Maduro: “Every Fascist Gets Found Out”

By Madeleine Hillyer
Guest Contributor

Venezuelan President Nicolas Maduro commented recently on the arrest of Antonio Ledezma, mayor of Caracas, on charges of involvement in a coup allegedly sponsored by the United States against Mr. Maduro. While the U.S. has denied all accusations of any such plot, President Maduro remains adamant that Mr. Ledezma was conspiring with the U.S. to over throw his Socialist government.

While the United States and Ledezma have denied any coup plot, public support has been with President Maduro. The United States has a history of interfering with Venezuelan politics, including an attempted coup against the government of Hugo Chavez in 2002. Many leaders of the Venezuelan opposition will admit that there is a radical faction in their ranks who would like to see a coup.

According to Reuters, Lorent Saleh, a student currently in custody for similar charges, was featured in a video released by the government, in which Saleh connects Ledezma to the faction by referring to the mayor as “an old fox” and “the politician who has most supported the resistance.” The prosecutor of this case stated that the video is among other evidence that will be used at Ledezma’s trial.

These allegations coincide with rising political and economic tension. Venezuela’s economy is failing with inflation rates hovering around 70 percent, the highest in South America, according to The New York Times. Faith in the country’s Socialist government and the President’s approval rating are at an all-time low. Many Venezuelan opposition leaders argue the true reason for Ledezma’s arrest was to hide the government’s problems before the upcoming midterm elections.

“They’re trying to distract us,” a Ledezma supporter named Rosibel Torres said to Reuters. These comments echo the sentiments of many others who are protesting Mr. Ledezma’s arrest. The movement against Ledezma’s arrest breaking out across the country is reminiscent of the deadly anti-government protests that broke out last year in Venezuela around the same time.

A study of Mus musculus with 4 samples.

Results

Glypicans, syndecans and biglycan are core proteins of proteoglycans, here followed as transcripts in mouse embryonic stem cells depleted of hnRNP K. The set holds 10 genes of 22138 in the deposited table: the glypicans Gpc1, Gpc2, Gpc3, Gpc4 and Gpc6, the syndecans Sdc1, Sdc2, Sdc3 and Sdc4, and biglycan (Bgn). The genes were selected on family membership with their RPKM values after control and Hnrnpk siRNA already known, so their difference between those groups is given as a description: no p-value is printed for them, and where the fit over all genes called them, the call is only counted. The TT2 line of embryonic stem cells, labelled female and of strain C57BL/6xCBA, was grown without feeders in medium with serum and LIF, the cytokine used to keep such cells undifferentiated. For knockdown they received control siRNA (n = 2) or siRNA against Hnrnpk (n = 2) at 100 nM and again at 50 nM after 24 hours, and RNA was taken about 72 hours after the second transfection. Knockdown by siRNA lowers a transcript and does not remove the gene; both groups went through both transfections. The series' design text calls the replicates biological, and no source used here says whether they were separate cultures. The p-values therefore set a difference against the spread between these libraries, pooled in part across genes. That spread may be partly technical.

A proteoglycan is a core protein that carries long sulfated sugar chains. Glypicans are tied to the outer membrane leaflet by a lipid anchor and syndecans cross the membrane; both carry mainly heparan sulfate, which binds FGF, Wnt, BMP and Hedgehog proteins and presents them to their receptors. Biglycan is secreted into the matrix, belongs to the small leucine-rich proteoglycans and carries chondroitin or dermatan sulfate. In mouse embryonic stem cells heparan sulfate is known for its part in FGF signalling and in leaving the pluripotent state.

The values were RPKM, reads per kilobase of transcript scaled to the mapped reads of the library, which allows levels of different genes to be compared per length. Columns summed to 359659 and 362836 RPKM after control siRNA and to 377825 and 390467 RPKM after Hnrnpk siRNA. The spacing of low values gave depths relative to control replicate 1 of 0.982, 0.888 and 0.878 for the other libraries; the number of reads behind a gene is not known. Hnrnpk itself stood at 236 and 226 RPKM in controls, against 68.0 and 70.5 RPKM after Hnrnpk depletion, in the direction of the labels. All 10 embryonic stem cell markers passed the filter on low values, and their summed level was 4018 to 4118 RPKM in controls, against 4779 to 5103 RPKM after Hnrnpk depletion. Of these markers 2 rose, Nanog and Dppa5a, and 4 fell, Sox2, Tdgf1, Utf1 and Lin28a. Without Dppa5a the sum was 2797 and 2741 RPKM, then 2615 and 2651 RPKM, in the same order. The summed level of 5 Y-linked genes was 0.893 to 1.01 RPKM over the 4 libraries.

This is not the first time Mr. Ledezma has clashed with Chavez and Maduro’s United Socialist Party of Venezuela. His election as mayor of Caracas in 2008, beating out USPV member Aristobulo Isturiz, was not warmly received by the federal government. After his victory, the Venezuelan National Assembly passed legislation creating a new administrative body under a Chavez appointee, to which most of Mr. Ledezma’s powers and responsibilities as mayor of Caracas were transferred. Mr. Ledezma responded with a hunger strike.

Similar accusations of coup-plotting have been pinned on politicians in neighboring Colombia, although forcefully denied by Colombian President Juan Manuel Santos. However, Mr. Santos has spoken out on Ledezma’s behalf, urging Maduro’s government to give the mayor a fair trial. The Colombian President’s action reflects the current state of relations between the two South American countries, with Mr. Santos also calling for the release of Leopold Lopez, one of Venezuela’s high-profile political activists.

Madeleine Hillyer

Contact Maddie at madeleine.hillyer@student.shu.edu.